Seattle strained by rare wave of gun violence

Surge occurs as police practices are debated

Robert Sorbo/Reuters
A mourner paid respects outside the Cafe Racer in Seattle after a shooting in which four people were killed.

SEATTLE - The worst surge of gun violence in years, culminating last week in six deaths over the course of an otherwise unremarkable Wednesday, has deeply stressed this city, where many neighborhoods normally feel as safe as living rooms.

The timing of the crime wave is almost as jarring. It comes in the middle of a complex political dance between the city and the Department of Justice over how the Seattle Police Department should change its practices after a series of high-profile incidents that showed what federal investigators called “a pattern or practice of excessive force.’’

With the killings last week - four in a coffee shop and another across town in a carjacking by the same man, who later shot himself when surrounded by the police - the number of homicides in just five months in Seattle reached 21, as many as in all of last year.


What connects the dots - in the community debate about overhauling the police department, and now in the sense of vulnerability in a city that usually feels tidy - is a riptide of guns.


“If you look back over the shootings we’ve had this year and the prior year, you can see many of them are related to the belief that it’s OK to carry a gun somewhere to solve a dispute,’’ Mayor Mike McGinn said at a news conference on Thursday. “We have to look at what we can do to redouble our efforts in this regard.’’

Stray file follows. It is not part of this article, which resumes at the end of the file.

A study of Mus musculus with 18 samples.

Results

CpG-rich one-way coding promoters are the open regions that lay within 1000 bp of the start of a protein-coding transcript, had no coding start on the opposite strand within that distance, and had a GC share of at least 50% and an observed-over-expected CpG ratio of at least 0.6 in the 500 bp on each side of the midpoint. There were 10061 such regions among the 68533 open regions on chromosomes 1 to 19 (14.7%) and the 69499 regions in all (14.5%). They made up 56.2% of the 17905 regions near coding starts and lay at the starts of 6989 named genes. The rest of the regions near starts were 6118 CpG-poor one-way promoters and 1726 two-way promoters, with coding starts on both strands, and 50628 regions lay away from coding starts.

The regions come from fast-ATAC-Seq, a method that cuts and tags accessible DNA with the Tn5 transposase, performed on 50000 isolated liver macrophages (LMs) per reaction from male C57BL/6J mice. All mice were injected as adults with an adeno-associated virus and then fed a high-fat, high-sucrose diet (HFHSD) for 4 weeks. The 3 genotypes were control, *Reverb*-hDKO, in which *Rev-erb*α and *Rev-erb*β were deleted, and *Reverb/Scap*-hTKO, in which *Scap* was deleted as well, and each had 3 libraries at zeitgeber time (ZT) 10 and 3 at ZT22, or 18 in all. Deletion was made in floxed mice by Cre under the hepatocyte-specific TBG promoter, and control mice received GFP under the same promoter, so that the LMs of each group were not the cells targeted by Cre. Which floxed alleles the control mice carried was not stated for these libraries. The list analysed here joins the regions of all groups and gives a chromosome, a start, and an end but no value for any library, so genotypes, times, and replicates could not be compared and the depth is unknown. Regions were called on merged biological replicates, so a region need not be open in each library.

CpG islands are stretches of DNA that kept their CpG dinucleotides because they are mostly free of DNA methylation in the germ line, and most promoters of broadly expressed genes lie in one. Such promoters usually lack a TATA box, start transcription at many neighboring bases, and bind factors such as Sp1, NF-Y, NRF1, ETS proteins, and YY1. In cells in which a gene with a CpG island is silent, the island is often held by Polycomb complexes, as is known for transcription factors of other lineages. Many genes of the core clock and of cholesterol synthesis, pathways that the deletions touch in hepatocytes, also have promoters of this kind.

Jennifer Keys, 41, a human resources manager who lives near Cafe Racer, was more succinct.

“The neighbors are freaking out,’’ said Keys, who has long been involved in local politics. And with anxieties running so high, she said she expected a blizzard of back and forth about what should happen next on everything from gun control to police patrols. “Some responses are going to be irrational,’’ she said.


Even in the best of times, the police in Seattle, a generally low-crime city, live under something of a bell jar of scrutiny. Widespread libertarian sentiments about personal liberty - and a small but vocal anarchist community ready on short notice to throw epithets, or sometimes rocks, at the police - often bump up against expectations of personal safety.

The police are also tested by an average of 100 to 300 political demonstrations a year.

Police officials said that efforts used in some other cities to get guns off the street - notably the New York’s Police Department’s “stop, question and frisk’’ program, which gives the police latitude to stop people officers think might be carrying a weapon or other contraband - would simply not be accepted here, despite a record of success as measured in seized weapons.

“Our community has probably a lower tolerance than New York City does for police intervention,’’ Mike Sanford, an assistant chief at the Patrol Operations Bureau, said. But with the recent shootings, he said, there are now genuine safety issues in some neighborhoods, and people are reaching out to the police seeking reassurance and a greater presence.

The federal investigation began last year after an officer shot and killed John T. Williams, a woodcarver who was a member of a First Nations tribe of Canada and a fixture of downtown Seattle’s street scene. Williams, who sometimes drank heavily and was hard of hearing, was shot in August 2010 after refusing to put down his carving knife.


A spokesman for the US attorney’s office in Seattle declined to comment on the negotiations with the city about the changes that investigators have said are needed.

But in interviews last week, some city residents said they were worried that the latest wave of gun violence could lead to a toughening up by police officers - the very antithesis of what federal investigators said the department needed.